Rights tribunal dismisses complaint against cops

By Admin Thursday January 16 2014 in News

 

A Toronto man who was stopped and searched in a roadside police pat-down during which he was handcuffed has had a complaint of racial profiling against Toronto Police dismissed by a human rights tribunal.

 

The 46-year-old man said he didn’t even match the description of a robbery suspect when he was forcibly handcuffed and thrown against a wall by Const. John Powrie in September 2010 as he walked on Danforth near Donlands Aves.

 

Officers from 55 Division were searching for a “tall Black male who was wearing a hoodie and hiding his face with a red bandana” for allegedly robbing a convenience store when they encountered Peter Smith more than 2 kms from the crime scene.

 

A second and different description of the suspect was released by police as Smith, who did not have a bandana, was being questioned.

 

Smith, who is from the Caribbean, had nothing to do with the robbery and was told by police “he was at the wrong place at the wrong time”.

 

Two other officers, who arrived soon after he was handcuffed, later apologized to Smith for detaining him. He was released when officers realized he was the wrong man, according to a six-page decision of the case.

 

Smith, in his complaint to the Human Rights Tribunal of Ontario, named as defendants Powrie, the force, its Chief and Board. He claimed he was singled out by Powrie and subjected to unnecessary aggressive behaviour, harassment and intimidation because of his race, colour or ethnic origin.

 

Several officers testified during a 2013 two-day hearing that Smith was eliminated as a suspect after “a more detailed description of the suspect was issued”.

 

Lawyers for the officers testified that Smith was stopped because he matched the initial description of a suspect in a robbery that had just taken place in the vicinity, according to the Tribunal’s decision.

 

The hearing was told that Smith was “confrontational and uncooperative” and his behaviour, including his refusal to remove his hands from his pocket, led to him being briefly detained.

 

Smith testified that he wasn’t even wearing a hoodie, but instead a blue top with a hood and washed out jeans.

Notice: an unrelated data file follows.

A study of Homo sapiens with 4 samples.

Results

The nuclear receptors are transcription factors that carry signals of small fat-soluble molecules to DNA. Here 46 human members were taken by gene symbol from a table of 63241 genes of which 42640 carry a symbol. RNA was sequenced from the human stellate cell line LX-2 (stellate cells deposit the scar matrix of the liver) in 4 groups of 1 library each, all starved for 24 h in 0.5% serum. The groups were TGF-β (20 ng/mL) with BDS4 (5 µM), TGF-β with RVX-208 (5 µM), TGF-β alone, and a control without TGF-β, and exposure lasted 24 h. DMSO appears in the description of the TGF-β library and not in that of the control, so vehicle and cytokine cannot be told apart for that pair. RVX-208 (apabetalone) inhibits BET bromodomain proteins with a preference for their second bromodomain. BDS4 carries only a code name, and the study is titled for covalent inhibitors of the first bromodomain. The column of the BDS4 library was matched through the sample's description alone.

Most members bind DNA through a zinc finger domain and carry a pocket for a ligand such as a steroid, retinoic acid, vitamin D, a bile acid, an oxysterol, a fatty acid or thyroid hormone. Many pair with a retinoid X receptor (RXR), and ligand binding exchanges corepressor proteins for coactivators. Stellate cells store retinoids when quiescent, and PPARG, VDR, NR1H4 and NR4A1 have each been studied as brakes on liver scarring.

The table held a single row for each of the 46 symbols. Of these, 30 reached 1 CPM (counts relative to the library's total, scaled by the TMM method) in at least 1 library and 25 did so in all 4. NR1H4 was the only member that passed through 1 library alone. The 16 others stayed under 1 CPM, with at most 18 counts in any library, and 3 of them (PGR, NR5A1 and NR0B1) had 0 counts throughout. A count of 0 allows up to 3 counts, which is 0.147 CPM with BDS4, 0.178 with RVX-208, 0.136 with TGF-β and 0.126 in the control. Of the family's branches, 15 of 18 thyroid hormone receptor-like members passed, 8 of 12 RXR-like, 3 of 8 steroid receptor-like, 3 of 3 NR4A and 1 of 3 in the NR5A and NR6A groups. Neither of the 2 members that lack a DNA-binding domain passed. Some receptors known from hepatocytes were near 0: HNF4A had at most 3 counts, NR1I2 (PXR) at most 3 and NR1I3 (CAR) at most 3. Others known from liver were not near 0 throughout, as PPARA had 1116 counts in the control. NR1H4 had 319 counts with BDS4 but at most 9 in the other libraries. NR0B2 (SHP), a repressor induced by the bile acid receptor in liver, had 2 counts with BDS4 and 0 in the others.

He told the tribunal he could not have walked, in eight minutes as police alleged, the more than 2 kms from the crime scene to where he was stopped.

 

“He (Smith) sensed that someone was following him and glanced behind him and saw a vehicle moving slowly next to the curb,” the decision said. “He (Smith) testified that Powrie was pointing a finger at him and moving quickly.”

 

Smith testified that Powrie grabbed his arm and asked him if he was going to co-operate before forcing him against a wall.

 

He told the hearing that Powrie asked him to spread his legs before he was handcuffed, during which time the officer searched his pockets throwing his keys and other items on the ground.

 

Smith testified that Powrie told him he had matched the description of a robbery suspect.

 

Powrie denied racial profiling allegations and told the hearing that Smith was a tall Black man wearing a dark hoodie, and although he did not have a red bandana he met the description that was initially issued as a suspect in the robbery.

 

“He (Powrie) testified that his actions were reasonable given the applicant’s behaviour, most notably the applicant’s raised voice, and his refusal to respond to directions to take his hands out of his pockets,” the tribunal said in its decision.

 

Smith claimed the suspect’s description given by police was so general and lacking in specifics that the key description was “Black male”.

 

“The applicant (Smith) submits that when race becomes the predominant reason for a police action that action constitutes racial profiling,” the decision said. “Any Black male walking on Danforth Avenue that Saturday night could have potentially been stopped as the robbery suspect.”

 

Tribunal vice-chair Eric Whist dismissed the application in a December 2013 ruling that did not find Smith’s rights were violated when he was stopped by police.

 

“I do not find that Powrie arbitrarily chose to stop the applicant because he was Black,” Whist wrote. “He did not cast his investigative net so wide that it was the applicant’s race that was the predominant reason that led to his being stopped.”

 

Whist said Smith matched a general description issued of the suspect, namely that he was a tall Black male wearing a black hoodie.

 

“The applicant’s experience in being stopped by the police questioned and subsequently placed under investigative detention and handcuffed was unexpected, unpleasant and distressing,” he wrote before dismissing Smith’s case.

 

Neither Smith nor his counsel was available to comment on the case when contacted by Share.